Fructose Consumption and Consequences for Glycation, Plasma Triacylglycerol, and Body Weight

Meta-Analyses and Meta-Regression Models of Intervention Studies

 

ABSTRACT
Background: The glycemic response to dietary fructose is low, which may improve concentrations of glycated hemoglobin (HbA1c, a marker of dysglycemia). Meanwhile, adverse effects on plasma triacylglycerol (a marker of dyslipidemia) and body weight have been questioned. Such effects are reported inconsistently.

Objective: We aimed to evaluate the effect of fructose on these health markers, particularly examining treatment dose and duration, and level of glycemic control.

Design: A literature search was conducted for relevant randomized and controlled intervention studies of crystalline or pure fructose (excluding high-fructose corn syrup), data extraction, metaanalyses, and modeling using meta-regression.

Results: Fructose intake 90 g/d significantly improved HbA1c concentrations dependent on the dose, the duration of study, and the continuous severity of dysglycemia throughout the range of dysglycemia. There was no significant change in body weight at intakes 100 g fructose/d. Fructose intakes of 50 g/d had no postprandially significant effect on triacylglycerol and those of 100g/d had no significant effect when subjects were fasting. At 100 g fructose/d, the effect on fasting triacylglycerol depended on whether sucrose or starch was being exchanged with fructose, and the effect was dosedependent but was less with increasing duration of treatment. Different health types and sources of bias were examined; they showed no significant departure from a general trend.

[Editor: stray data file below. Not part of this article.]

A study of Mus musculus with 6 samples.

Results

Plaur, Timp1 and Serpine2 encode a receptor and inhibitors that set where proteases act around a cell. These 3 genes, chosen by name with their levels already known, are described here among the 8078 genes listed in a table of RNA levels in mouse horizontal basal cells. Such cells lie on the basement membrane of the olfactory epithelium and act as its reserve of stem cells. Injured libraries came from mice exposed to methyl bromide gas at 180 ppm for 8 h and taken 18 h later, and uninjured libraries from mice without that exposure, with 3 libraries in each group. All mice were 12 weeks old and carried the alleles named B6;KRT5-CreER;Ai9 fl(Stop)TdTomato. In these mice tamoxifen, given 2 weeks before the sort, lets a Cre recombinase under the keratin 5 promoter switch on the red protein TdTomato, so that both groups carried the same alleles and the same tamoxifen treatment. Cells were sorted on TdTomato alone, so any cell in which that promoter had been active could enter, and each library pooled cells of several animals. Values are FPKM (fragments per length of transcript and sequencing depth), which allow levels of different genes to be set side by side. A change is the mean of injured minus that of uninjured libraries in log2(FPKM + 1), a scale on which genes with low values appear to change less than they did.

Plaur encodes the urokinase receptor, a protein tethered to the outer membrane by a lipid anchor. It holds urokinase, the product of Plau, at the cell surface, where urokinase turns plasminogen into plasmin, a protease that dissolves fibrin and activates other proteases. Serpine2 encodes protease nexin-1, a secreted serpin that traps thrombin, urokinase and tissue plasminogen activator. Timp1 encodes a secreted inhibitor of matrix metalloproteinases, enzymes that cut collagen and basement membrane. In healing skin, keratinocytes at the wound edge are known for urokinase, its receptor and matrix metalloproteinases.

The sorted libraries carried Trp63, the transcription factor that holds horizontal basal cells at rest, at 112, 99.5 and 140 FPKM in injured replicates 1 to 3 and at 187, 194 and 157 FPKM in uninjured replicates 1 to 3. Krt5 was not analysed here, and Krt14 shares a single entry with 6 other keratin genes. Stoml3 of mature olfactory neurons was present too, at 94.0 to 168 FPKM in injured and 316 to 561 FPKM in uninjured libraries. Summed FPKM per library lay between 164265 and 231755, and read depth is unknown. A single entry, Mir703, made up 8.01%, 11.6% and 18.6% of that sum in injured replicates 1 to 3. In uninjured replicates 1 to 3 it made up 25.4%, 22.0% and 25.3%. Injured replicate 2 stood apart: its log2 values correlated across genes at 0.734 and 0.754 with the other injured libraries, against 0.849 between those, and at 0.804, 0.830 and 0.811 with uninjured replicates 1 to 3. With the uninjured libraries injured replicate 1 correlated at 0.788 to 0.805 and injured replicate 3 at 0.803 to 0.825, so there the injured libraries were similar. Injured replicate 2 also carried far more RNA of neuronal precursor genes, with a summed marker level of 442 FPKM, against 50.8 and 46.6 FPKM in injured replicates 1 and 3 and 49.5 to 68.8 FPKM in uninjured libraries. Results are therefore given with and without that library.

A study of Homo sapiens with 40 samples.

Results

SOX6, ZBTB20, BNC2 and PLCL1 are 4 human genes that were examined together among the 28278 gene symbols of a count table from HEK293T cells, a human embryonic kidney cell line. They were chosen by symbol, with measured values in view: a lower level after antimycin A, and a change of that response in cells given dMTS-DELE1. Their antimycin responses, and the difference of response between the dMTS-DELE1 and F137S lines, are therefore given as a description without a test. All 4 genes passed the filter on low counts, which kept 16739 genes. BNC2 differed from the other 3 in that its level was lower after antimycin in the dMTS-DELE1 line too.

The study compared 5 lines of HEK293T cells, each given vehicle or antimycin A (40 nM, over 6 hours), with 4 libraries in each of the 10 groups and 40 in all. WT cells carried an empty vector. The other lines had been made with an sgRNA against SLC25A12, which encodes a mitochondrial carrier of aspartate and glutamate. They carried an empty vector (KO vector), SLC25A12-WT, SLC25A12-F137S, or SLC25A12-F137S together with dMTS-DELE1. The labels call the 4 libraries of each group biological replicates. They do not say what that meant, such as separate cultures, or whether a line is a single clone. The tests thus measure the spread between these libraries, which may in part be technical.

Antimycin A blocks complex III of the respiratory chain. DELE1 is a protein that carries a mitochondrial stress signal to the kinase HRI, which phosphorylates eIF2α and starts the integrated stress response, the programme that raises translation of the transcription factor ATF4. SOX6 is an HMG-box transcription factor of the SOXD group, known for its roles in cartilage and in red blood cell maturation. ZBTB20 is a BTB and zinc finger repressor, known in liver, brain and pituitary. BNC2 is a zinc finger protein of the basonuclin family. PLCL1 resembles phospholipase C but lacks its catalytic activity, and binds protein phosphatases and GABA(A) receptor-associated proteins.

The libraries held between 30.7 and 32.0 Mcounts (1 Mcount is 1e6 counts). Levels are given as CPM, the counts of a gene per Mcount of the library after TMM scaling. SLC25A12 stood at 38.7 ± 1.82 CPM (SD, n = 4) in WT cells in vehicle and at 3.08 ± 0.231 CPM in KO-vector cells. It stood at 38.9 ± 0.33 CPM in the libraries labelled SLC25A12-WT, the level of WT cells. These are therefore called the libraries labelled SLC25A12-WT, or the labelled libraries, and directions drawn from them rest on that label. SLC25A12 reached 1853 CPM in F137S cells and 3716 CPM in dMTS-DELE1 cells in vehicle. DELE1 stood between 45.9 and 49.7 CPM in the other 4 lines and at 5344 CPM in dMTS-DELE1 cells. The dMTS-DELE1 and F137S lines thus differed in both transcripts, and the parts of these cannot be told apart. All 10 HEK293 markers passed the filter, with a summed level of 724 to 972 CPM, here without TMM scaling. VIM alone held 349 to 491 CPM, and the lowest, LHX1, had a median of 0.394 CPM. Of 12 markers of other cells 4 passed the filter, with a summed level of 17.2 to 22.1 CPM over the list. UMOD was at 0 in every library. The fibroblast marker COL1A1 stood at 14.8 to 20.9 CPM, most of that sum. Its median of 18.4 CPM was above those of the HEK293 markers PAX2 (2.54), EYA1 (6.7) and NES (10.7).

Conclusions: The meta-analysis shows that fructose intakes from 0 to 90 g/d have a beneficial effect on HbA1c. Significant effects on postprandial triacylglycerols are not evident unless 50 g fructose/d is consumed, and no significant effects are seen for fasting triacylglycerol or body weight with intakes of 100 g fructose/d in adults. Am J Clin Nutr 2008;88:1419 –37.